Heavy hitters explore the future of tech, media at AT&T Business SummitBy Danielle Abril
September 28, 2018, 9:00 a.m.
AT&T spent two days outlining the expectations of a 5G network, highlighting the latest technology innovations, emphasizing diversity and inclusion in business, and providing a roadmap of the future after its blockbuster purchase of Time Warner Inc.
"Together we're transforming how business is done and shaping the global future," Thaddeus Arroyo, CEO of AT&T Business, told an audience of business customers at the opening presentation on Sept. 26. "We're all looking to better compete at a fast pace in an interconnected world."
The conversations were part of the the second annual AT&T Summit, an event the company hosts for thousands of its business customers across the world. This year, an estimated 3,000 people from 22 countries attended event held at the Gaylord Texan Resort in Grapevine.
The agenda included celebrity speakers and moderators including former British Prime Minister Tony Blair, CNN's Anderson Cooper, actress and founder Reese Witherspoon, singer/songwriter and entrepreneur Queen Latifah. It also featured power-player panelists including Deloitte's first female CEO Cathy Engelbert, author and journalist Malcolm Gladwell and Bozoma Saint John, chief marketing officer of entertainment giant Endeavor and former executive at Apple and Uber. It culminated with a private concert featuring Imagine Dragons and Gwen Stefani at AT&T Stadium in Arlington.
In an fireside chat with Anderson Cooper on Sept. 27, John Stankey, AT&T CEO of WarnerMedia, discussed the first 100 days after the Time Warner merger and offered insight to what's next.
"It's been mostly what I expected," he said. "That doesn’t suggest its been smooth sailing or easy."
Rather, the first 100 days has been about combing two pieces of an equation. On one side, AT&T provided the network. On the other side, Time Warner produced high-quality content, with brands like HBO, CNN and Warner Bros. under its umbrella.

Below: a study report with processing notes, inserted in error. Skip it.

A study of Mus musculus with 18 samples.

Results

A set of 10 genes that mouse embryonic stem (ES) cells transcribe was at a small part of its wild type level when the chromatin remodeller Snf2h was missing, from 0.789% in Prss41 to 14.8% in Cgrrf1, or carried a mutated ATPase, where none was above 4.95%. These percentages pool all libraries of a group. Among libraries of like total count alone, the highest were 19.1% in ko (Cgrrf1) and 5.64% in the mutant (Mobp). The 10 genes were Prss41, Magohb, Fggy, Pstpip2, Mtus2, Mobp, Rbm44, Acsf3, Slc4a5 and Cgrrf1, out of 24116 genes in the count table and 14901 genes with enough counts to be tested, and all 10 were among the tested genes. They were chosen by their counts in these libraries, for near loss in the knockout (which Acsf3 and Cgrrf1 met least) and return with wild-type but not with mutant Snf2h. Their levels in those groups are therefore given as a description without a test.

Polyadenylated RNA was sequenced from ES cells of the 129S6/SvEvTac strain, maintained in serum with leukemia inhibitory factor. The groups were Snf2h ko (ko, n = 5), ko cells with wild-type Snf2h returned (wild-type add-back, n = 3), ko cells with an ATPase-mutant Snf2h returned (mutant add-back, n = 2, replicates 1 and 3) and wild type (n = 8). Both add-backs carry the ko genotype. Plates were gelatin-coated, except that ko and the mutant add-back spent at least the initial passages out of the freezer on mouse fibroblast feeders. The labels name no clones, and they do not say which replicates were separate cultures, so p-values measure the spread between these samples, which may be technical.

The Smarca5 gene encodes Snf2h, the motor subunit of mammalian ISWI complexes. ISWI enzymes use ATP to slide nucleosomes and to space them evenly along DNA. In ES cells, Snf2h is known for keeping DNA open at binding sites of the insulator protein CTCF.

And in a highly fragmented entertainment market, in which consumers have arguably too many options, AT&T will have to find a way to differentiate its offerings. But Stankey said the Time Warner acquisition is what will help it stay ahead.
"My gut tells me brand is going to be more important than less important," Stankey said. Brands will "offer a collection of experiences and ... its curated. ...You'll know what you're going to get" with each brand.
On top of that, while linear and streaming offerings are currently competing, they'll eventually combine as one, Stankey said. And that means models like Netflix could have a harder time competing, he suggested, as they currently operate without advertising. But having to produce massive amounts of original content and sustain to compete could change that.
Stankey said AT&T's software-defined network will also provide the company with an edge.
"The set top box is probably dead," he said. "It's not flexible enough to change with viewing habits. ... If formats change, if lengths of consumption change, devices change, you have the flexibility to change with that" on a software-based system.
With a 5G network rolling out, the offerings could be something totally outside of anything imagined. AT&T has already announced that it is bringing the high-speed network to 12 cities, including Waco and Dallas.
Once 5G is fully deployed, business in its entirety will change. Artificial intelligence and machine learning will be needed to aid with the massive amounts of data attached to the new capabilities.
The only thing that's certain is change. So companies and especially their workforces need to be prepared, Arroyo told Cooper.
"What we call the chief information officer is now the chief innovator," he said. "We're moving deeper into the heart of the fourth industrial evolution, and there's a lot of anxiety with that ... but the reality is the demand for the influx of human talent requires constant evolution to create those skills."
While evolution is necessary when it comes to the skill sets of the workforce, it's also needed in hiring, retention and employee support, according to various panelists throughout the two-day summit. That's because companies don't represent the communities they serve, both in their messaging and their makeup.
"You can look at ... companies with female leadership," Deloitte's Engelbert said. "Numerous studies that show that with companies with women leadership perform at the top quartile at a much greater rate than those without women leadership."
Inclusivity and diversity extend beyond gender and into race, ability, body types and numerous other factors—all of which should be taken into consideration by companies' leadership, panelists at the summit said.
Read more about what the future of 5G, artificial intelligence entails and more on diversity and inclusion in stories I wrote about the summit for The Dallas Morning News.